Tuesday, June 08, 2010

Redtailed Hawk Update: Chris Lyons at the Fordham Nest, Stella Hamilton oat the Cathedral Nest on St. John the Divine Plus Francois at the Raven's Nes

Photo by Chris Lyons\\
The three Fordham eyasses seem to be doing very well, and I'd guess the first fledge will happen this week. First fledge ever out of Collins was on 6/8/06, and subsequent fledges have happened around that time.

Photo by Chris Lyons

Today, for reasons best known to herself, Rose was spending some quality time with her young, instead of the more typical "Here I am, here's your food, gotta fly" routine you see this late in the nesting cycle, with both parents working overtime to feed the almost adult-sized youngsters.

Photo by Chris Lyons
She was there resting on the ledge when I arrived, and stayed for at least another ten minutes--her visit might well have lasted half an hour, or more. Maybe she just wanted to assess their progress, or had some other instinct-driven function to perform--or maybe she was enjoying the chance to hang out with them.

Photo by Chris Lyons
She wasn't actually doing anything, best as I could tell--they didn't need to be beak-fed, or protected, or sheltered from the elements. She was watching her kids pretty intently, while they actually seemed to be much less focused on her (since she had no food). After she flew off, she returned shortly afterward with prey, and departed immediately. No sign of Vince, but he's around.

Photo by Chris Lyons
In a week or less, they'll all be out of the nest. She knows that, even if she doesn't think about it much. What I observed may simply be a way of encouraging them to take the next big step into the world around them. But the simplest explanation is that she did it because she wanted to.

Photo by Chris Lyons
Spot on Chris! I think so too. Thanks so much for the photos and your commentary. It’s grand to have a successful, full nest ready to fledge in town.

Photo by Chris Lyons

Photo by Chris Lyons

Photo by Stella Hamilton
From longtime nest watcher Stella--

Dear Donna,
It seems like our fledgling spent the night on the roof of St. Luke's Hospital. Bruce and I did see one of the parents yards away in one those cylindrical ladders on the roof. We did not see any feeding. Survivor was very active, flapping and running around, but was not begging for food. At. 6:20 pm, Survivor decided to fly back to the Cathedral. Here are some pics. Maybe he wants to go back to the nest to look for some scraps.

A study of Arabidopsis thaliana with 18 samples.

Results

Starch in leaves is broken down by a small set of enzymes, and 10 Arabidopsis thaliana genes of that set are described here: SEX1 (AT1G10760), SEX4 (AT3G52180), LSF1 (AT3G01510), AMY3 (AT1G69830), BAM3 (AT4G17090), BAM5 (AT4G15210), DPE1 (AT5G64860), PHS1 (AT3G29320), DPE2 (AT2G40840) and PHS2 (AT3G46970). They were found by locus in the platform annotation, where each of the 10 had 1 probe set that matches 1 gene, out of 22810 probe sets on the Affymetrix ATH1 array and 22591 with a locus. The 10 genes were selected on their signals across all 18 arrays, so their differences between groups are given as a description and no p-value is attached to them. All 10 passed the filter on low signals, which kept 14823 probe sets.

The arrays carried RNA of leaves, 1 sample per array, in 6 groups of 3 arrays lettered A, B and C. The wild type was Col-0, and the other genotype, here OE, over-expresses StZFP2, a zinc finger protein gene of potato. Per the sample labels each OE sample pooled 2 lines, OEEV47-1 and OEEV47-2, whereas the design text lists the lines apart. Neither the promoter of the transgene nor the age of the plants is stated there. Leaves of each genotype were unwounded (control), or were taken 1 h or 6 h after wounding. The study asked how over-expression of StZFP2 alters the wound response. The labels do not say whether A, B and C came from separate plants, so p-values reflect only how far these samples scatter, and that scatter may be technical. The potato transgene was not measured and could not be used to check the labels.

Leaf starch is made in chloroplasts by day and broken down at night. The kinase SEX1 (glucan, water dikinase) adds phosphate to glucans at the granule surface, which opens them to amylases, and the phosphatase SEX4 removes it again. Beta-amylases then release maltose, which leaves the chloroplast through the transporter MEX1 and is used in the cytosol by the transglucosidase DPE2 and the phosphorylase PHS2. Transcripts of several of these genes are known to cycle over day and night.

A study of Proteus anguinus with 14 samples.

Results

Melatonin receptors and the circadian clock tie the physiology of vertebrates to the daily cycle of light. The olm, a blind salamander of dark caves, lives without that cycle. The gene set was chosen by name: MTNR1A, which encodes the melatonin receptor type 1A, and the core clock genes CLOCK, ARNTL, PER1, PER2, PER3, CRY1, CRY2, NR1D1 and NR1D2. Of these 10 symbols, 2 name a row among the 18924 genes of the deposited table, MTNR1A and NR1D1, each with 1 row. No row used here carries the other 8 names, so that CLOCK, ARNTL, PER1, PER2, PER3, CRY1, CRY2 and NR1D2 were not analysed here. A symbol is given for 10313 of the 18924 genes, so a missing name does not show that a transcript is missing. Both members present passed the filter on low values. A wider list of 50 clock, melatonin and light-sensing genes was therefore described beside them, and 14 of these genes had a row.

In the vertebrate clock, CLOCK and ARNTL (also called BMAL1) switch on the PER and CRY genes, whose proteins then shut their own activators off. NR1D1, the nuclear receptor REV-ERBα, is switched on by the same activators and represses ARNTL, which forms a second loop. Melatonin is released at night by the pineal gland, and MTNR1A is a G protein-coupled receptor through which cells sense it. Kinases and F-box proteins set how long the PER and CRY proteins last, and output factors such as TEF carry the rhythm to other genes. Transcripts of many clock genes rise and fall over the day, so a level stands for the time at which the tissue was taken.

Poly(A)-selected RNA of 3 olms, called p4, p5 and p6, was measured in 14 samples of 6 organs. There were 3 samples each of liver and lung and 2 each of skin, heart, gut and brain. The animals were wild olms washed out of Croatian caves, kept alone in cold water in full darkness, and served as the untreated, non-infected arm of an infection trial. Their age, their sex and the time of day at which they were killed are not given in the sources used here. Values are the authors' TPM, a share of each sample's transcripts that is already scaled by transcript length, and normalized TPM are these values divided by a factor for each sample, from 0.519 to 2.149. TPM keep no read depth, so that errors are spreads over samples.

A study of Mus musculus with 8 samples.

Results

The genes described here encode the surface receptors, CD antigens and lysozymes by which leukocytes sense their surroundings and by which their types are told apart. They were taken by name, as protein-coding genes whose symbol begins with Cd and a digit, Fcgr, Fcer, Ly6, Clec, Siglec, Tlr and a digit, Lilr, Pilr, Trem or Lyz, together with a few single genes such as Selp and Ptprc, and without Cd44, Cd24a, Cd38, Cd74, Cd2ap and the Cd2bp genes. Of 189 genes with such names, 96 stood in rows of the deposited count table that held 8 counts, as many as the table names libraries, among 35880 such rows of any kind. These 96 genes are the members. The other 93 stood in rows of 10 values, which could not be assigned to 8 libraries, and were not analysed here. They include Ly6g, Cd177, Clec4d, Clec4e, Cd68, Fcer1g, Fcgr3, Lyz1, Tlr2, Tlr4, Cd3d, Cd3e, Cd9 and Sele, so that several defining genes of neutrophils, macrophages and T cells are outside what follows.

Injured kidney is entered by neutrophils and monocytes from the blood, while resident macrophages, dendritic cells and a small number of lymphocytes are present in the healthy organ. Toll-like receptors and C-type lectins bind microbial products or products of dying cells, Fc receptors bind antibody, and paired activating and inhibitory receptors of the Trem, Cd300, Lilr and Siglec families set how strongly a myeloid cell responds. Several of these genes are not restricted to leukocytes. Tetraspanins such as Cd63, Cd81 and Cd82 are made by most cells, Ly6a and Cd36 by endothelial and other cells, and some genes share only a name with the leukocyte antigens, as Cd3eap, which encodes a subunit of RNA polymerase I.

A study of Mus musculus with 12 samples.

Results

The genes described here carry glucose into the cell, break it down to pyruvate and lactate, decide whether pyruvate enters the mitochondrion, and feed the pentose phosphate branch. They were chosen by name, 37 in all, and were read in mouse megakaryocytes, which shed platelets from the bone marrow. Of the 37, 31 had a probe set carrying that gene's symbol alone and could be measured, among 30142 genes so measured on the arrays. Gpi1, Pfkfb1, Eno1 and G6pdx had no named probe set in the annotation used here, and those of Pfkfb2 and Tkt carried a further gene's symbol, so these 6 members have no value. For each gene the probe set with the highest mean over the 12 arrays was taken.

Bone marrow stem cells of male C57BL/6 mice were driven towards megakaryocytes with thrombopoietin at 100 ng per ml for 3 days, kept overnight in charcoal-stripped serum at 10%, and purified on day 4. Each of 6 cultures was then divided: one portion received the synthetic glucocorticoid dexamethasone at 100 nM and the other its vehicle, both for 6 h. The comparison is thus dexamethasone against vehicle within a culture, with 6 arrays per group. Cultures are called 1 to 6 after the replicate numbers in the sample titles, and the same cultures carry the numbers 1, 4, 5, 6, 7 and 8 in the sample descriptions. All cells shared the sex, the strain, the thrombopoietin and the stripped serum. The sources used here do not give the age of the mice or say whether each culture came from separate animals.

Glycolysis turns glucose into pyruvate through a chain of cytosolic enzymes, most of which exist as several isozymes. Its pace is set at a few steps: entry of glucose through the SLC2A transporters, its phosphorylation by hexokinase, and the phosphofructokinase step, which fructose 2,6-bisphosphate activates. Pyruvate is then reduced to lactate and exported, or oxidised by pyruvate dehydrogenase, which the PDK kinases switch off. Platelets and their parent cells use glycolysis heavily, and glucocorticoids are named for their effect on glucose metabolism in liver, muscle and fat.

Photo by Stella Hamilton
I found that in the young Red-tails off the nest on County Rd M, that after the first flight they made it their business to get back to the nest for meals. They then found a spot on the nest with good sightlines for maximum exposure of their waiting selves or as there were two of them they began to compete for a branch that was slightly higher than the nest with even better exposure, attempting to be first in line for any food that came in. They made flights in and out of the tree for days. Roosting back in the nest tree as well as taking meals there. They then got the gist of being ready on the side of the tree the adult who has been hunting was likely to come in on. Eventually they began begging from trees further afield but the adults would make them come and get the prey themselves as opposed to a delivery.

Photo by Stella Hamilton
So far no eyass has made it back to St. Andrew as far as I know. They often do get back to the Cathedral itself though. Come to think of it, the Cathedral is the "giant tree" on which the nest resides, so perhaps they're all following a basic Red-tail urge to return to the "nest tree" to be fed.

Photo by Stella Hamilton
Thunder who was hatched on the Tulsa TV tower returned to the nest platform for weeks to get her meals as well.

Photo by Stella Hamilton
Many thanks for the update Stella!

And last but not least, from naturalist and photographer Francois Portmann who's been keeping an eye on the new species in town, the Northern Ravens--

Hi Donna,
The Ravens are "branching"

Yea! Jeff Kollbrunner called and told me about some wing disciplining by Mom or Dad Raven with one of the older chicks. I've seen it with Crows and an immature Crow who was stealing food from family members instead of foraging his own. Did you happen to see that sequence on the blog a year or two ago? Three older crows surrounded the bad youth. He flipped on his back in submission, then one of the older crows tugged on his wing until he flew away across the street where they made him stay for awhile..shunned by the flock for bad behavior. :-)

Crows also do foot biting. So watch for both in the Ravens as we now know they do wing tugging they might do foot biting as well.

Donegal Browne

1 comment:

sally said...

Love the updates. I hope you are recovering quickly and will be out and about again soon!